Adelaide audiences are notoriously dormant outside of Mad March, so launching a mid-winter arts festival may seem like a risky move. But for Adelaide Dance Festival director Garry Stewart, the timing couldn’t be better.
The concept emerged from an ongoing discussion between Adelaide dance-sector activists. They revealed an abundance of local activity, but a lack of channels for emerging artists to engage with audiences.
At the same time, it was announced that Panpapanpalya (a “joint dance congress” promoting dance education around the world) would be held in Adelaide in 2018. It’s a big deal. Previous events in Thailand and the US have attracted around 900 to 1000 delegates. Stewart says Panpapanpalya “created a bit of a spine to hang a number of performances off … because you’ve got this captured audience”.
Ex-Australian Dance Theatre dancer Lina Limosani and the Australian Ballet were also to be in Adelaide at the time.
Recognising this groundswell, Stewart pushed ahead. “You can wait around trying to find half-a-million dollars – lobbying government and corporate entities – or you can just say, ‘Adelaide Dance Festival’ and they will come.”
He’s appealing to Adelaide’s festival consciousness. “People will come out for a festival and allow themselves to be receptive to work that might be provocative or might be challenging,” he says.
It helps of course to have one of the country’s most recognised and respected working choreographers leading the cause. Stewart has been the artistic director of Australian Dance Theatre (ADT) since 1999.
The full program dropped late last week. It’s a varied mix of performances, big names and events such as forums, masterclasses and workshops (for industry and the general public) with local creatives. “Everyone has a body and everyone moves,” Stewart says of the festival’s broad appeal. “We are all dancers and this will allow audiences to interact and join in with dancers.”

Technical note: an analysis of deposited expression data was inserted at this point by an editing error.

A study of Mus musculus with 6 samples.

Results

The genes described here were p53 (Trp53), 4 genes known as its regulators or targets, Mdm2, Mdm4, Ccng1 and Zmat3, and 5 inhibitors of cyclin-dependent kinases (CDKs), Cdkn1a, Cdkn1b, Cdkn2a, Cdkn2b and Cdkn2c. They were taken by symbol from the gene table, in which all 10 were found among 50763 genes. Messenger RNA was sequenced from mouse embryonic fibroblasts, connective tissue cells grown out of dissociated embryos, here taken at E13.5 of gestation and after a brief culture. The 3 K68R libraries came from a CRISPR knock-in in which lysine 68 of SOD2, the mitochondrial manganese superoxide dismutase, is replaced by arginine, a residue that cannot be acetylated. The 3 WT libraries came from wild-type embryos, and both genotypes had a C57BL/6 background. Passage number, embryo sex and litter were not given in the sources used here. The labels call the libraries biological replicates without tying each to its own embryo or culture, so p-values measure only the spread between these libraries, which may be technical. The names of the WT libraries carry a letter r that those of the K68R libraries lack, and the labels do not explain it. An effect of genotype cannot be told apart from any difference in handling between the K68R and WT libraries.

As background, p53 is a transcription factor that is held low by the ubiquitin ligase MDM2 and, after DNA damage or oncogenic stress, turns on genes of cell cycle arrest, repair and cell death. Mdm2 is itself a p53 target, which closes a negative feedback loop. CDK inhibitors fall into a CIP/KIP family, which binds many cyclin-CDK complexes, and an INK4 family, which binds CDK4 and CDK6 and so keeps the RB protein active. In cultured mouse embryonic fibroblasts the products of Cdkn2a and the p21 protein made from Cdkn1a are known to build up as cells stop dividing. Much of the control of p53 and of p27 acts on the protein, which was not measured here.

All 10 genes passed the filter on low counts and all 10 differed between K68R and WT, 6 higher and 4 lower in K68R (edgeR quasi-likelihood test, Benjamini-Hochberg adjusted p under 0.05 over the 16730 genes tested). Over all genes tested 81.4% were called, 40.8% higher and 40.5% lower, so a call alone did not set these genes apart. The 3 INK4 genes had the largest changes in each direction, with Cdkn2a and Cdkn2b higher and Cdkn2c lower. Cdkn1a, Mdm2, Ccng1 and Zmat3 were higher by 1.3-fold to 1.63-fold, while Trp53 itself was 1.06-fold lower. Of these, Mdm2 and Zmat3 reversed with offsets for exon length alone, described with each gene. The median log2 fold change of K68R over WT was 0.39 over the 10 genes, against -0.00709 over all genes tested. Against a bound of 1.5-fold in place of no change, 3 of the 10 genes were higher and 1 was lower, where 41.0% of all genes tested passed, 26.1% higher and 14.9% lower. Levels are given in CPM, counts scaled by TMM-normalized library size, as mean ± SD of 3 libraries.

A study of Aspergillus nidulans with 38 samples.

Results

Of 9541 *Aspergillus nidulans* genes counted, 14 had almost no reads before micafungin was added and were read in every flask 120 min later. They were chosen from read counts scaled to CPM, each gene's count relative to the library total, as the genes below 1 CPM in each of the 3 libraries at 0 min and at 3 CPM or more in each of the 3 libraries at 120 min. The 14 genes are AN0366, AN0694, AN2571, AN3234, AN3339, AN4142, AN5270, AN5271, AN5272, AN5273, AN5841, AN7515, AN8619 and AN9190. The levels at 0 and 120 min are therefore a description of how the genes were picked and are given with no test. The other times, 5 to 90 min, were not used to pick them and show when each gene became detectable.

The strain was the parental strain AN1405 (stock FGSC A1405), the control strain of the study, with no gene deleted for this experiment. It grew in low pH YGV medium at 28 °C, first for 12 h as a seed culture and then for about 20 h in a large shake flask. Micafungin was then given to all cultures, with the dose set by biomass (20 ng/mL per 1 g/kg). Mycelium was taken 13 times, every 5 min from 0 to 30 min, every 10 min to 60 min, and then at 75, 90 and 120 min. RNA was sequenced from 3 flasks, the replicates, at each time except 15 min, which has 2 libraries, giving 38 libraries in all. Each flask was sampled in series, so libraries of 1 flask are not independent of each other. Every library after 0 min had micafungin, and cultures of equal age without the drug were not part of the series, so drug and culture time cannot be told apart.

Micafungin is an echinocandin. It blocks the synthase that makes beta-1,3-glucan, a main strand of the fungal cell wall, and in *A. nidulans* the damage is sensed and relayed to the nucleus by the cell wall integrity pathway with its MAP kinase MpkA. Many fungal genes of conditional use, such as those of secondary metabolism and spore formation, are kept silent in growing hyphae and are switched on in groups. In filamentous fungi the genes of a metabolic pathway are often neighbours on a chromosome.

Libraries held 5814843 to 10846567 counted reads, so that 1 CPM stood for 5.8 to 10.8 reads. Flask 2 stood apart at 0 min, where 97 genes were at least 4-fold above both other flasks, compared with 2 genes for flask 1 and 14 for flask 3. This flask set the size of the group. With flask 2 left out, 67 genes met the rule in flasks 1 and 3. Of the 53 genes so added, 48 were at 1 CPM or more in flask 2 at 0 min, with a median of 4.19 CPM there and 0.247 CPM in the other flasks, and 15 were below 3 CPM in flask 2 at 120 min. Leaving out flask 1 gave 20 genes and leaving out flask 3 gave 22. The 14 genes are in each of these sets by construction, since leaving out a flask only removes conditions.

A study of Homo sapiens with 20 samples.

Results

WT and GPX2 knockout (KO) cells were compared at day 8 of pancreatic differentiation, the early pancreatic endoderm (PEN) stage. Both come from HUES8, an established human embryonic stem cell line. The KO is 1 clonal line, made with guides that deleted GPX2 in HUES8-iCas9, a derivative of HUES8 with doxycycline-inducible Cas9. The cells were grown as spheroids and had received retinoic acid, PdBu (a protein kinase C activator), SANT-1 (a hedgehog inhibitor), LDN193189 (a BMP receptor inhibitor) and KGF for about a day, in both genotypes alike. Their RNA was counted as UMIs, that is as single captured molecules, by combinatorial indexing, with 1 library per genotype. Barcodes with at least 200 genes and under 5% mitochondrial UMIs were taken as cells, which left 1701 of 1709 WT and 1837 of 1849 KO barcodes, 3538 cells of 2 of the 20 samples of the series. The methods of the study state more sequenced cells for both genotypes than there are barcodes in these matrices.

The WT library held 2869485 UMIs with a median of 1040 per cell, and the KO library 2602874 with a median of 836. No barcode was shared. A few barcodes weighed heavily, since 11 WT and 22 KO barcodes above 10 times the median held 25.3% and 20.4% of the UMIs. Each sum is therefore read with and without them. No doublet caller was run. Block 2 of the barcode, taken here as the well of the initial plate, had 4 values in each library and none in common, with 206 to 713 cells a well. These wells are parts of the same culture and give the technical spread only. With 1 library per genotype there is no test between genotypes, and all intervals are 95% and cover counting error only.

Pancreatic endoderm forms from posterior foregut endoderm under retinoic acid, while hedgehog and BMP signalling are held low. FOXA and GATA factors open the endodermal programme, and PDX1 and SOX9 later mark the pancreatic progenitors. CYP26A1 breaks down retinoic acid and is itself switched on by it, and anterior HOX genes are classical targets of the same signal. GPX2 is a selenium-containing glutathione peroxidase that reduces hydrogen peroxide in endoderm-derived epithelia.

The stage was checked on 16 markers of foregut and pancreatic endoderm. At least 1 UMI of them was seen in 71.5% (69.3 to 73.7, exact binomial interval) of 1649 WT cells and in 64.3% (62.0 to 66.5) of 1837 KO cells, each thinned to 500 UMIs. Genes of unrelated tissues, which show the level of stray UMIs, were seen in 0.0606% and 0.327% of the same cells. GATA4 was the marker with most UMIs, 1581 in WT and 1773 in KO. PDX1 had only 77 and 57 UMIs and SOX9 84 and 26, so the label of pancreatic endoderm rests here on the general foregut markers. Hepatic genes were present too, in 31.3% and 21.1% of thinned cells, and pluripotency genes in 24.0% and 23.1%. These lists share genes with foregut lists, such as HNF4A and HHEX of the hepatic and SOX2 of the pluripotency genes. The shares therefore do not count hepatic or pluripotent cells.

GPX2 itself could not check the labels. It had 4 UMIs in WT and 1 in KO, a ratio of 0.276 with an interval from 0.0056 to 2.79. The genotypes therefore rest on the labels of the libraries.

While much of it is the result of fate, Stewart’s ability to draw in collaborators and gather momentum should not be understated. He speaks passionately about the debut line-up, and is optimistic for the future. “We want this to be the leading Australian dance festival, and I don’t see why that can’t happen.”
Headlining the Adelaide Dance Festival is The Australian Ballet’s opulent production The Sleeping Beauty – no small coup. Expect soaring dramatic narratives, enormous sets, lush costumes and virtuosic classical technique from the top ballet dancers in the country – “That thing that you can only get at the ballet,” Stewart says.
While in town, the company will also offer a once-in-a-lifetime opportunity for dancers aged nine to 18 to participate in an open class.
Stewart’s latest composition with ADT, The Beginning of Nature, will also have its Adelaide premiere during the festival. The piece pairs Stewart and ADT’s distinctive aesthetic with a live score performed by The Zephyr Quartet and a libretto sung in Kaurna, the indigenous language of the Adelaide Plains. “All the sounds are mediated through various electronic processes,” says Stewart. “It’s string-quartet-meets-electronica, with two Indigenous singers.
“We live in this symphony of overlapping rhythms – within our body, within nature and also in the macrocosmic scale of the solar system and the galaxy – right down to a molecular level. It’s a reminder that our bodies are subject to the forces of nature, and part of the materials of nature.”
The Spinners by Limosani and theatre artist Al Seed will “tear apart” the story of the Moirai (or Fates) of Greek mythology. The emotionally charged performance is “quite gothic and quite macabre,” says Stewart. “But choreographically it’s very intricate. They create these specific ambiances and worlds that are typically dark, dreamlike [and] surrealistic, using heightened theatrical and emotional states, as well as a very specific movement vocabulary.”
Then there’s Rainbow Vomit, an immersive children’s production by regional-Queensland dance company Dancenorth. “You watch the performance through these glasses that make everything sparkle – which we should probably use every day of the week,” says Stewart.
A central pillar of the festival is locally made content and providing pathways for emerging choreographers to have their work seen.
Alison Currie’s Creatures is an “exploration of human movement and repetition”. The seven-person performance will be staged in Samstag Museum of Art in response to a work by SA-based visual artist Aldo Iacobelli. It aligns with Stewart’s own predilection for presenting work in unconventional locations.
That same notion is at the core of The Cubic Museum, a site-specific installation at the SA Museum. A three-by-three-metre perspex cube will move into the museum’s display of indigenous artefacts from the West Pacific Region, and three SA choreographers – Erin Fowler, Lewis Major and Jo Stone – will devise a work within the environment, in collaboration with the museum’s scientists and researchers.
“There’s an irony to it,” says Stewart. “In a way it’s sort of flipping the notion of the artefact that’s on display and the spectatorship of the body within the display case.”
Adelaide Dance Festival runs July 8 to 21 at various locations.